Wednesday, April 20, 2005

Apparently it's incumbent upon me to acknowledge that I think both Mr. Atlas' remarks, below, and my own, are really very silly. I do think the notion of "functionality" is something worth questioning given how thoroughly most of us are infected with the Puritan work ethic. Is the giving—even more scandalously, the taking—of pleasure a "function"?

Speaking of pleasure, I'm getting more and more interested in the work of Guy Maddin. First I saw his astonishingly beautiful, Baudelairean film The Saddest Music in the World; then I read his anxious, erotomaniacal memoir/journal From the Aetelier Tovar, and now I'm halfway through his "secret" movie, Cowards Bend the Knee. I say halfway because the DVD I borrowed has a flaw that caused it to stop working in the dead middle of the disk; I say secret because apparently he shot this film on the sly in just a few days at the same time he was making his first "big" feature, Saddest Music. I learned this from my friend and neighbor Jonah, who is one of my cohort of Cornell grad students and who happens to be from Winnipeg and is a personal friend of Maddins's—has even worked on a few of his films. The funny thing is, years ago he told me he had a friend who was an experimental filmmaker in Winnipeg and I never made the connection until yesterday when we were having an impromptu Mexican dinner. I got all starstruck, because Maddin's films have come for me to embody the practice outlined in Henry James' story, "The Middle Years": "We work in the dark—we do what we can—we give what we have. Our doubt is our passion and our passion is our task. The rest is the madness of art." You could break that down line-by-line to describe Maddin's work:

- "We work in the dark": Darkness is palpable is Maddin's films; it forms a visible border at the edges of a frame that is spiritually and often literally in black and white. Light's struggle through the sometimes hazy or blurred images, through marks on the celluloid itself, becomes emblematic of Maddin's attempts to unearth the darkest recesses of his very strange, very Canadian unconscious.

- "We do what we can": The man's technique is encyclopedic and frenzied: from directly treating the film itself to using antiquated equipment and, as far as I can tell, refraining entirely from the use of digital equipment. Cowards Bend the Knee is a semi-silent movie, and his uncanny ability to make his films seem like unearthed perverse pre-Hays Office classics show his dedication to exploiting all the resources of film qua film.

- "We give what we have": Joseph Beuys' motto Zeige deine Wund (Show your wound) might as well be Maddin's. He's absolutely fearless about mapping a very personal, vaguely Freudian sense of his own psychology across his films, tossing up all kinds of tropes and images: the tyranny of unreliable fathers, castrating women, sexualized violence, full frontal nudity, and plenty of ice hockey. Although he himself is straight, Maddin's films have a noticeably queer, campy sensibility (check out the hilarious short Sissy Boy Slap Party, included as an extra on the Saddest Music DVD). The effect is to "queer" even heterosexual desire, revealing anew the sheer bizarreness of any and every libidinal attachment. Blue hands...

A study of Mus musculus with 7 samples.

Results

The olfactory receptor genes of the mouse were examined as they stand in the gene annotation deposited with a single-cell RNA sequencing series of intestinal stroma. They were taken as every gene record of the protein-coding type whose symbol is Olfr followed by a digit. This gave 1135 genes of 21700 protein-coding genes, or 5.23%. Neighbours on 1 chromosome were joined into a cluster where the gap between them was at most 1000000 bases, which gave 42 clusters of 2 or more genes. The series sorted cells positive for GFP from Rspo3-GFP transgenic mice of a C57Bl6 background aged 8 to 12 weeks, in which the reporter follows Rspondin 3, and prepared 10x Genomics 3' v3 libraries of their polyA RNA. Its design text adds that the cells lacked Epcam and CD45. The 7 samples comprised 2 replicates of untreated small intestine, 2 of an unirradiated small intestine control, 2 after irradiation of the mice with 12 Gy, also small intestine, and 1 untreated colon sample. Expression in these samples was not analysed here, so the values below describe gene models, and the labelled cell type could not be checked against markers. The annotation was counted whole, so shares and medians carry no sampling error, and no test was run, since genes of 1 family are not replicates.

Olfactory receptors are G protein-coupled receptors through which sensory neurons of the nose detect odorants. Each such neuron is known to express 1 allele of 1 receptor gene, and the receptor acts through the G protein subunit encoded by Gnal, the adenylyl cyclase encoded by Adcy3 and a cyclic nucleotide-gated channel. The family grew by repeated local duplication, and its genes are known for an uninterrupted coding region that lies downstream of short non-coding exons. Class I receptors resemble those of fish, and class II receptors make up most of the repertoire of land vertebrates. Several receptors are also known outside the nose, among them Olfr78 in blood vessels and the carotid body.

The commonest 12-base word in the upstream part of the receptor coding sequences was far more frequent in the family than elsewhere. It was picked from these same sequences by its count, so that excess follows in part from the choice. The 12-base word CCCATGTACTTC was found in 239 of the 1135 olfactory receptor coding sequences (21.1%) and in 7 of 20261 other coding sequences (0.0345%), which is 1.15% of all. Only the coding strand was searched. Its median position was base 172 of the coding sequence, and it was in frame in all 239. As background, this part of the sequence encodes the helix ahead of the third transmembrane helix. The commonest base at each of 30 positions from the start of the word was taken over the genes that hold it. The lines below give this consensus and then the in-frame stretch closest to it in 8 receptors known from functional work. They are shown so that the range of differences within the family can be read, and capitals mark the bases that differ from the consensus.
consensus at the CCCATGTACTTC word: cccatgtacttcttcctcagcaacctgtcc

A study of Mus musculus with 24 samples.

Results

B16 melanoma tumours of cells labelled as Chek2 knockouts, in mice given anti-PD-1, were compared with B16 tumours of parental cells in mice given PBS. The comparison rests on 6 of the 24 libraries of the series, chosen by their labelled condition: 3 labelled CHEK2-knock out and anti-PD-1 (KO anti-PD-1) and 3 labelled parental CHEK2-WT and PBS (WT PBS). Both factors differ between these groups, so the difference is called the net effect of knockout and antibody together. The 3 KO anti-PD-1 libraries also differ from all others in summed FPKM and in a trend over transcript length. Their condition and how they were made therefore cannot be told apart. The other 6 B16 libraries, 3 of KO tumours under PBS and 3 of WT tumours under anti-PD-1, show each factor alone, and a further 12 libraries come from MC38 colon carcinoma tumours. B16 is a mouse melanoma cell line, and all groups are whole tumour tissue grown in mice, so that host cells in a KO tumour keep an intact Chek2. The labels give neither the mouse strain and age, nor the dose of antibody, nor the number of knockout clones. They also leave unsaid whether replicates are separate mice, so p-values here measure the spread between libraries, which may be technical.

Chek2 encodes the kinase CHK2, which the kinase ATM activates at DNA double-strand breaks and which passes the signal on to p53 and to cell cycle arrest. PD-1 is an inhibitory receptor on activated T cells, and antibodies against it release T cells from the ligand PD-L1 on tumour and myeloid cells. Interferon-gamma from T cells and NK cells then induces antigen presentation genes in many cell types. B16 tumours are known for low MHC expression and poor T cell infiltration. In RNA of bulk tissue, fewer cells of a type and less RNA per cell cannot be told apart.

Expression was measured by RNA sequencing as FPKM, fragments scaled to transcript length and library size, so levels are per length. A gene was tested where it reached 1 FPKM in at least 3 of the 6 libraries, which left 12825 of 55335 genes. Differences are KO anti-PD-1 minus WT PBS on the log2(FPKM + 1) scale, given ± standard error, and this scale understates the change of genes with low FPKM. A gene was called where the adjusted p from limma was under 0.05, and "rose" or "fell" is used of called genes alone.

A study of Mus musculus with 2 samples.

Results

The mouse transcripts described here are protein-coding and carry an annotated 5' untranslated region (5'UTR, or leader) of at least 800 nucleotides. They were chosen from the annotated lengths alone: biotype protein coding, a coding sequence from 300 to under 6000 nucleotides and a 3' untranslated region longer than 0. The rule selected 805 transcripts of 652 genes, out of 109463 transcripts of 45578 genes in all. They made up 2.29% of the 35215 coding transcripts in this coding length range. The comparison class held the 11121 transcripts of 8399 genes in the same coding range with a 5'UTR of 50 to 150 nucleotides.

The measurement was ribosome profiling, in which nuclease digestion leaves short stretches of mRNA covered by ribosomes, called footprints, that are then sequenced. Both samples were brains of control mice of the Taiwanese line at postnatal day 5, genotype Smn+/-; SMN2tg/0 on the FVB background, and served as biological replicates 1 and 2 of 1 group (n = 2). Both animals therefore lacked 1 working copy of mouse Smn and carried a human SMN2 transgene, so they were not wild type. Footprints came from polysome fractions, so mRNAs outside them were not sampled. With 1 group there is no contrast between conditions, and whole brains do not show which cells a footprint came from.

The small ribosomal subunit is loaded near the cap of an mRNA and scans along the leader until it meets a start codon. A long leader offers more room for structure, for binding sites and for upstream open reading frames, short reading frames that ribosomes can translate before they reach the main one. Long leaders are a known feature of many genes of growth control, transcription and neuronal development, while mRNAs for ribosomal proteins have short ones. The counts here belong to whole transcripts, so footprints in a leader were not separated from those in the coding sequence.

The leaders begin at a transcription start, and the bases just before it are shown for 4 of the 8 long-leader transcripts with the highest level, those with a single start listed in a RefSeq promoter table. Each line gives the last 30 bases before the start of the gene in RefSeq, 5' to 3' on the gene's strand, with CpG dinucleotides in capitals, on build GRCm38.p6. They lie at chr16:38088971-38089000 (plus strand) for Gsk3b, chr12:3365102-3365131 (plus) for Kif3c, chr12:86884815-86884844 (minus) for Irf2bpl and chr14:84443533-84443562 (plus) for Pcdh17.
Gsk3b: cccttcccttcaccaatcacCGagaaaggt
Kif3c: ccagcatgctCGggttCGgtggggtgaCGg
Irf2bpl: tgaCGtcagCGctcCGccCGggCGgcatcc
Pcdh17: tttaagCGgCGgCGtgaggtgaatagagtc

- "Our doubt is our passion and our passion is our task": Maddin is a highly exploratory and open filmmaker, concerned with putting as much of himself directly on film as he can, which means submitting film and self dialectically to each other's possibilities and limitations. He demands freedom from conventional ideas about realism, particularly as it applies to character development. Like in a dream, you sense that every character in each film is an aspect of Maddin (especially Cowards, whose protagonist is named... Guy Maddin). But there's nothing boring about these dreams, because they aren't being retold or rationalized, much less interpreted. You dream them with Maddin in a simulation of real time.

- "The rest is the madness of art": As the above suggests, Maddin takes big risks, mitigated perhaps by the collaborative nature of filmmaking as an art form. It should go without saying that one of the risks he took until comparatively recently was penury: there's considerably more government support for the arts in Canada than here, but as an avant-garde filmmaker Maddin has lived nearly as marginal existence as, say, an avant-garde poet. Still, the more significant risks he takes seem to be emotional and artistic ones. I'm challenged and irritated and wonderstruck by his art—in short, inspired. When that energy of inspiration is carried over from maker to receiver, you know that art is happening.

All of this has about bupkus to do with my dissertation; but I'd still like to say a few words about Ron Slate and his book; he's a reader of this blog and sent me an intelligent and courteous e-mail yesterday that I hope he'll give me permission to post here. That will all have to wait until I've struggled with Pound for a couple of hours. Avanti!